Taipei street names and the monosyllabic myth

I spent much of the weekend revising and correcting the list of Taipei’s street names that I have on an old Web site on romanization. (I’m afraid I’ve almost completely neglected that site since getting running. I’m trying to rectify the situation some because the new edition of the Taiwan Lonely Planet is to mention both sites.)

The street names (632 in all) are almost exclusively disyllabic. The only monosyllabic name is 後街 (Hou St.), unless people want to count a few others like 安東街 (Andong St.) and 安西街 (Anxi St.); but even those wouldn’t work because people in Taiwan see those names as single units rather than as distinct parts: “Andong Street” and “Anxi Street,” not “An East Street” and “An West Street.” And I’m not so sure that Hou St. isn’t a typo, because it doesn’t really pass the “sounds OK” test.

The list has only three names longer than two syllables. But two of these are not “Chinese” but loan words: 羅斯福路 ([Franklin Delano] Roosevelt Rd.) and 凱達格蘭大道 (Kaidagelan Blvd., which is from one of Taiwan’s indigenous tribes). And the final example, 竹子湖路 (Zhuzihu Rd.), is a good example of the exception proving the rule, because the road is named after a lake (hu) with a disyllabic name (Zhuzi); I’ve written the name solid (i.e., with no space before “hu”) only because there’s no longer any lake there alongside the road.

Yet misunderstandings about Mandarin and the other Chinese languages persist, despite refutations of the monosyllabic and other myths.

For the sake of comparison, let’s look at the 20 most common street names in the United States:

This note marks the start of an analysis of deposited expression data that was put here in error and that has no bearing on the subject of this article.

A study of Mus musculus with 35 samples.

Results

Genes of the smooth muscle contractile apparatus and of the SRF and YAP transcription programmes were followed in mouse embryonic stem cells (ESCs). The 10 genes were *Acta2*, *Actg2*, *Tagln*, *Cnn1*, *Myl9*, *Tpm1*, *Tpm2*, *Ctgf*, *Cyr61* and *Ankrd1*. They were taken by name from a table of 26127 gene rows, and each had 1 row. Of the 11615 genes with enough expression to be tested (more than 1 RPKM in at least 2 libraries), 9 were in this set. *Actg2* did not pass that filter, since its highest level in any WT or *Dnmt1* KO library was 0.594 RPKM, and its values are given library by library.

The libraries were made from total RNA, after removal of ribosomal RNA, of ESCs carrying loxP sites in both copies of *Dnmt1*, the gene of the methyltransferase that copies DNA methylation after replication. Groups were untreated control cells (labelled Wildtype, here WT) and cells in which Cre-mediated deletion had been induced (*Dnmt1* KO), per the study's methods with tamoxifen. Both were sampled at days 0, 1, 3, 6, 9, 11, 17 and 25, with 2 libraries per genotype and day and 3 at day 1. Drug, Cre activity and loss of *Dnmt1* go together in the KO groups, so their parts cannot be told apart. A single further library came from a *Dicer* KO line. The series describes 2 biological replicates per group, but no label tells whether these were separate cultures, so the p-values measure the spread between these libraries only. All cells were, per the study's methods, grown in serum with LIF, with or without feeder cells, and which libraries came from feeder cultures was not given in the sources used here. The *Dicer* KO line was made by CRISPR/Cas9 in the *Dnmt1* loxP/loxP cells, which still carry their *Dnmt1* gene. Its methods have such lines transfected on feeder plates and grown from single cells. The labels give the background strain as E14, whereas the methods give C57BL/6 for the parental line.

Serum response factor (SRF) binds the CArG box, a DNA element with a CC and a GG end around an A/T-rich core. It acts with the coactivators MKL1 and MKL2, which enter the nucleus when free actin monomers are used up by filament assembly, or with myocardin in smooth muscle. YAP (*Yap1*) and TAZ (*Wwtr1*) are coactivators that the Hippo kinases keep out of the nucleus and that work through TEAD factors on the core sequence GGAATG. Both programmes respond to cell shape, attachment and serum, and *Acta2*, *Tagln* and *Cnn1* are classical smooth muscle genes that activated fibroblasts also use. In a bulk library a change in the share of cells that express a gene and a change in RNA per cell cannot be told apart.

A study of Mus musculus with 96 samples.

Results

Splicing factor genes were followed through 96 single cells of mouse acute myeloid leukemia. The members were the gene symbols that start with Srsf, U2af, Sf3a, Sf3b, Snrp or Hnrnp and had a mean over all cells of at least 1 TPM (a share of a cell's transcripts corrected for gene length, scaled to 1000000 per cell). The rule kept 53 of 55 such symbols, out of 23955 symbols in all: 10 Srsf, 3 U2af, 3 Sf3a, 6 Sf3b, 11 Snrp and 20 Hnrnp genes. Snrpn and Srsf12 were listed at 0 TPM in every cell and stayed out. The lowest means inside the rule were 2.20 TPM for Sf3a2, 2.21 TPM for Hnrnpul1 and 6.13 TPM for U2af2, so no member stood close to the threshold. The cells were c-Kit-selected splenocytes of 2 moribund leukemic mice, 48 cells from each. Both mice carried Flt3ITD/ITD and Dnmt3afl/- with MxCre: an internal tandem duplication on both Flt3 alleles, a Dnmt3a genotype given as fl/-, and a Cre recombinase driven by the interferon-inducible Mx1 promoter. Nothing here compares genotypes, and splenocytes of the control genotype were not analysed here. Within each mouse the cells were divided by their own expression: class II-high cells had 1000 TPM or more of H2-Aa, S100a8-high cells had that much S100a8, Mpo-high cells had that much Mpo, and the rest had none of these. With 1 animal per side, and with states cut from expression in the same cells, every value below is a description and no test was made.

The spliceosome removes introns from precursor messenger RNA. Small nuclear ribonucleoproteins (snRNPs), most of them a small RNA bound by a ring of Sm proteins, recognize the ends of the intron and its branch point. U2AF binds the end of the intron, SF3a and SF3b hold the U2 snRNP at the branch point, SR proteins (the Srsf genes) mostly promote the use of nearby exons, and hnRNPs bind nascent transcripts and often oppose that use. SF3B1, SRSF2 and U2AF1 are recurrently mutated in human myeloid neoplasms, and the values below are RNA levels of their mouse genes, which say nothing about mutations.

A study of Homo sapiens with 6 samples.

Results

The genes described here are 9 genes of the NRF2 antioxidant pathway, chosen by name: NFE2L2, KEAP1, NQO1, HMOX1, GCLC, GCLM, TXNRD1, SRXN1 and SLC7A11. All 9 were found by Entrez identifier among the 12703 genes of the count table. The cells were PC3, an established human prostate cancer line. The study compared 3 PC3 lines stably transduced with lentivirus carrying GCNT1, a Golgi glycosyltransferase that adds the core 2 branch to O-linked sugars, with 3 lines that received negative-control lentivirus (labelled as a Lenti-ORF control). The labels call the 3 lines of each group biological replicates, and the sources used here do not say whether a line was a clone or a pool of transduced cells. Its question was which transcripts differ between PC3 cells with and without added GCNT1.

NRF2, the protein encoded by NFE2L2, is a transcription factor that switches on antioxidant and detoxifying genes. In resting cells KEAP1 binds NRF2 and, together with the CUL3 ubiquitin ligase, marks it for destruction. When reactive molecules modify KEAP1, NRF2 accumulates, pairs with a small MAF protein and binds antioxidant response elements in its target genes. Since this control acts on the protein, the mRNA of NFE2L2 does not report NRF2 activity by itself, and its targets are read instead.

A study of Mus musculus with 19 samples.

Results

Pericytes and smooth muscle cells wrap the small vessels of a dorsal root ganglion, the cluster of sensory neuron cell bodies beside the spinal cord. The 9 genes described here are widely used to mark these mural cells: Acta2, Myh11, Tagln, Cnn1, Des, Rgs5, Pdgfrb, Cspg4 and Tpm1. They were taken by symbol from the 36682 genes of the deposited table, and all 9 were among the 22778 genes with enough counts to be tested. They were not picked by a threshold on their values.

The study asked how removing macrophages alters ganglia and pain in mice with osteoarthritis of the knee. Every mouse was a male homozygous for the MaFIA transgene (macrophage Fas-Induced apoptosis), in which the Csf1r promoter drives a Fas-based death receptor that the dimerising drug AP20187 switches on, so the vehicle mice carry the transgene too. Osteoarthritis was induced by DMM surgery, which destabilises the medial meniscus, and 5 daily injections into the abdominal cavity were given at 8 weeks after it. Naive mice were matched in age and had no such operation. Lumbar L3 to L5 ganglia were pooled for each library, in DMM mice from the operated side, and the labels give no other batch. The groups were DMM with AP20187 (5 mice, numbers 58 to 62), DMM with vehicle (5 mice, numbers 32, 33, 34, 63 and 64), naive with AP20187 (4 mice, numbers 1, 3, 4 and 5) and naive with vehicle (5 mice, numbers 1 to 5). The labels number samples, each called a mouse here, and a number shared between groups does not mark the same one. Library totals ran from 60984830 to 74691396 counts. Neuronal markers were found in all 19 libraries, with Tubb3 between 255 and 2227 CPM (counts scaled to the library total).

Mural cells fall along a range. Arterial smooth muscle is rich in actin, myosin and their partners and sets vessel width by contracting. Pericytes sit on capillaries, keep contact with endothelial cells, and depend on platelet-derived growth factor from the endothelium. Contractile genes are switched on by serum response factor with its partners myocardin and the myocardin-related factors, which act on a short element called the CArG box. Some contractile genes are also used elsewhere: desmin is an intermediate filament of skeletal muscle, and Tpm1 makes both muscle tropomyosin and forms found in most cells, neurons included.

Second, Third, First, Fourth, Park, Fifth, Main, Sixth, Oak, Seventh, Pine, Maple, Cedar, Eighth, Elm, View, Washington, Ninth, Lake, and Hill.

All but five of those are monosyllabic, but no one goes around claiming English is predominantly monosyllabic.

An examination of the street names reveals a few other interesting points.

Another myth is that Chinese characters are needed to resolve the supposed problem of homophony in the language. So, let’s look at the street names. Would anyone care to guess how many of the 632 names are homophonous?

The answer is zero. For that matter, just a handful would need tone marks to distinguish themselves from similar — but not identical — sounding names: Jinghua St. (Jǐnghuà and Jǐnghuá), Tong’an St. (Tōng’ān and Tóng’ān), Wanqing St. (Wànqīng Wànqìng), Wuchang St. (Wǔchāng Wǔcháng), and Xiangyang Rd. (Xiāngyáng Xiàngyáng).

Finally, I want to note that not even one ü (u with an umlaut) is needed in any of the street names.

5 thoughts on “Taipei street names and the monosyllabic myth

  1. Additional note:
    Kaidagelan Boulevard is a good example of the confusion that can result in using Hanzi to write words from other languages, because Mandarin is relatively phonetically poor, having only about 410 different syllables (not counting tones), and Chinese characters are not well equipped to indicate sounds outside that range. So, is the street’s name really pronounced “Kaidagelan,” or is that a Mandarinization of the original? Maps and other guides are too inconsistent to be of much help.